Welcome to Bogota’s Bronx Street: Hell in the Heart of Colombia

© AP Photo / Fernando VergaraDrug addicts and homeless gather at area known as "Bronx street" in downtown in Bogota, Colombia, Monday April 1, 2013
Drug addicts and homeless gather at area known as Bronx street in downtown in Bogota, Colombia, Monday April 1, 2013 - Sputnik International
Bogota’s Bronx Street has seen a high level of crime for many years. Today, it is one of the most marginalized areas of Colombia’s Bogota as criminals have taken over the area. The Anne Frank NGO is at the front line of the fight for human rights in the district.

“In Bogota, all criminal markets are run by drug cartels. They use drug addicts (homeless people) to ensure control of drug trafficking in the city. The place has become a major center of drug trafficking in the country,” Marcela Clavijo, the city’s councilor, told Sputnik.

"Miles de demonios y una historia detrás de todo".



Since their opening, the organization began to receive applications from mothers searching for their missing daughters.

“When we began investigating, we found that the young women had been abducted on Bronx Street,” the organization’s director Claudia Quintero told Sputnik.

Anne Frank has carried out several rescue operations, and has been documenting a number of disappearances. The first victim found told the organization about all the cruelty she had to go through.

“We have classified her abduction as a crime associated with torture and human trafficking,” continued Claudia Quintero.

Further investigation revealed that children are also exploited on Bronx Street.

El Bronx — Aftermath #blackandwhite #bnw #monochrome #Bogota #colombia

Фото опубликовано ⠀⠀⠀⠀⠀⠀⠀⠀⠀⠀⠀⠀⠀⠀Juan Rivera (@aguyinjapan) Июл 15 2016 в 3:11 PDT

“Due to our persistence, the situation in the area has been made known to the general public. The majority did not believe in the existence of torture houses, mass rape, slavery, organ theft and children being exploited for drug trafficking among other things,” added Quintero.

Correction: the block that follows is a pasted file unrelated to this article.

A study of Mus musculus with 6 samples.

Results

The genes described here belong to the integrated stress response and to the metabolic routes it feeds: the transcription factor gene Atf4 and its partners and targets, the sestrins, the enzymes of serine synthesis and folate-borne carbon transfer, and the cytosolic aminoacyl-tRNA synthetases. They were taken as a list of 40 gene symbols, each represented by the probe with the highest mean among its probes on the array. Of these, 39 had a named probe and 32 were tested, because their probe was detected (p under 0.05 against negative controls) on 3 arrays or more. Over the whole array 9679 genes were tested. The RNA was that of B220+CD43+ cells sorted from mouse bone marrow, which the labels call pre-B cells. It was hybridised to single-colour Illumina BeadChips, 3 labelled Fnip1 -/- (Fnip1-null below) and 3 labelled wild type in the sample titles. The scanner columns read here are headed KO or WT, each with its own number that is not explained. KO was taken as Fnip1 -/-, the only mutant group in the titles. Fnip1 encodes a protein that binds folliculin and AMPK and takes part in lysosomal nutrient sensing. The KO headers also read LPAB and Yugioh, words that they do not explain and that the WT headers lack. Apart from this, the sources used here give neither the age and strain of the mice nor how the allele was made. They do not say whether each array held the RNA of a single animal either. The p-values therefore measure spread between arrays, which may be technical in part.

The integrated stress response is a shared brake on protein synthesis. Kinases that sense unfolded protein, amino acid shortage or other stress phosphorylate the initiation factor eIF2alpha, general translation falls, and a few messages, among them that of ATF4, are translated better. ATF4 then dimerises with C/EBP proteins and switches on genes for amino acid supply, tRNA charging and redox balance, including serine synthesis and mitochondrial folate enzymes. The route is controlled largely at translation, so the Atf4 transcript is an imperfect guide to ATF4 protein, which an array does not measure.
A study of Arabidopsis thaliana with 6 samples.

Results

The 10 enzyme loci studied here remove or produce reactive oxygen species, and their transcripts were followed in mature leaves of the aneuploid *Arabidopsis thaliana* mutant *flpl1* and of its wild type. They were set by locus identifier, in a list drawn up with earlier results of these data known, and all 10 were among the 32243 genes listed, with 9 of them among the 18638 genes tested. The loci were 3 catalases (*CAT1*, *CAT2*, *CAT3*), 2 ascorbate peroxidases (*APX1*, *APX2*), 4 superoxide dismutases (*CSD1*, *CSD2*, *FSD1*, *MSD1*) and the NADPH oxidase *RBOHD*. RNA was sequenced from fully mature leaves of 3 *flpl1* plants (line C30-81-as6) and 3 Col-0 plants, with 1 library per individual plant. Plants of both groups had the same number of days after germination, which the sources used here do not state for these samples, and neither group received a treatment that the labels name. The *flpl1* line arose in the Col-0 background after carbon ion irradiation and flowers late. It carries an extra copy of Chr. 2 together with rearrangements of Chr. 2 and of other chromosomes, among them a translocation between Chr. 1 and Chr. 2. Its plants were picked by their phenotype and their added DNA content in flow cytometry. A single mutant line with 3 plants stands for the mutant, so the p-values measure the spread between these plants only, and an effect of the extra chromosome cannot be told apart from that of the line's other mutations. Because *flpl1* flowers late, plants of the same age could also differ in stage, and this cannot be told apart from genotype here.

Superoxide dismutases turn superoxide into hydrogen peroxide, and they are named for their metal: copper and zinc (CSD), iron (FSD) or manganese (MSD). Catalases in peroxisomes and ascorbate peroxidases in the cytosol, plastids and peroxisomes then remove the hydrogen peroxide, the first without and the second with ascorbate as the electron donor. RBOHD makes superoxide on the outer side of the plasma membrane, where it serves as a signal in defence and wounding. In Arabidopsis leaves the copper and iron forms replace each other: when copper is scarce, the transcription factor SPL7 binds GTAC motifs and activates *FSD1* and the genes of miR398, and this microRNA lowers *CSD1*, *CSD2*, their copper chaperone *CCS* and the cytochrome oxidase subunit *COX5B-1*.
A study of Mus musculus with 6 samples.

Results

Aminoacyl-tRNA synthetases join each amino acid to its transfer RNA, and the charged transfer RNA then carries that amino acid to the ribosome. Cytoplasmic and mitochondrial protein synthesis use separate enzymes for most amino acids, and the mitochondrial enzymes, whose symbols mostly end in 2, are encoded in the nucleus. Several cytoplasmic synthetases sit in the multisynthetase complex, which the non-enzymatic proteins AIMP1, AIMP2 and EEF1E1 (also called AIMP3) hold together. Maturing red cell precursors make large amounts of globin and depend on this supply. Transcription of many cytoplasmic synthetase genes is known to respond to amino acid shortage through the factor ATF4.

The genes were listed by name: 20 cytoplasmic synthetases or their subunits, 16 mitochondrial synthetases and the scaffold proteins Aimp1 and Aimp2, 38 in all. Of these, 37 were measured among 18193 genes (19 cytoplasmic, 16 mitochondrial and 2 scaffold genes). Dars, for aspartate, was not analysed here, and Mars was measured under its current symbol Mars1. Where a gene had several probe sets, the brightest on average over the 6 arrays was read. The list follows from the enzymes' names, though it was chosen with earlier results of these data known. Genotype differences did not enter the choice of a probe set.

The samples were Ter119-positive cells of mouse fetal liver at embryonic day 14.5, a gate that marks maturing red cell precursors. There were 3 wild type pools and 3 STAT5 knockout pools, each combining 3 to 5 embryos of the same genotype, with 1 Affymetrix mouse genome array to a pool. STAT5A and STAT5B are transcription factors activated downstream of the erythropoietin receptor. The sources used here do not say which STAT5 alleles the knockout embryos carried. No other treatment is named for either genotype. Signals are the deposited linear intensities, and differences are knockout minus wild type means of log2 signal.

On May 28, the police launched a crackdown on Bronx Street.

“Now, instead of one criminal area, we have a whole network of crime throughout the city. Everyone from victims to offenders was evacuated from the area. Today, they are all over Bogota,” reported Anne Frank’s officials.


“Only four thousand dollars were recovered. The female victims told us that the criminal’s earnings amounted to a million dollars per day. The police found just a few weapons, while our witnesses claimed that Bronx Street is a major arms dealing center. Police arrested three criminals, but we heard that there were at least 50 members and a few former militants in the criminal gang,” announced Anne Frank’s officials.

According to the Municipal Advisor Clavijo, police intervention led to clashes between local residents and the police. Many families fled in the direction of the Tunhuelo river channel.

entre el humo y el diablo #calle del #bronx 2013


Meanwhile, the Anne Frank NGO continues to fight for the declaring an emergency status in Bogota.

“Only by declaring emergency status will it will be possible to direct all resources to resolving the problem,” said Claudia Quintero. “At the moment, this is hell.”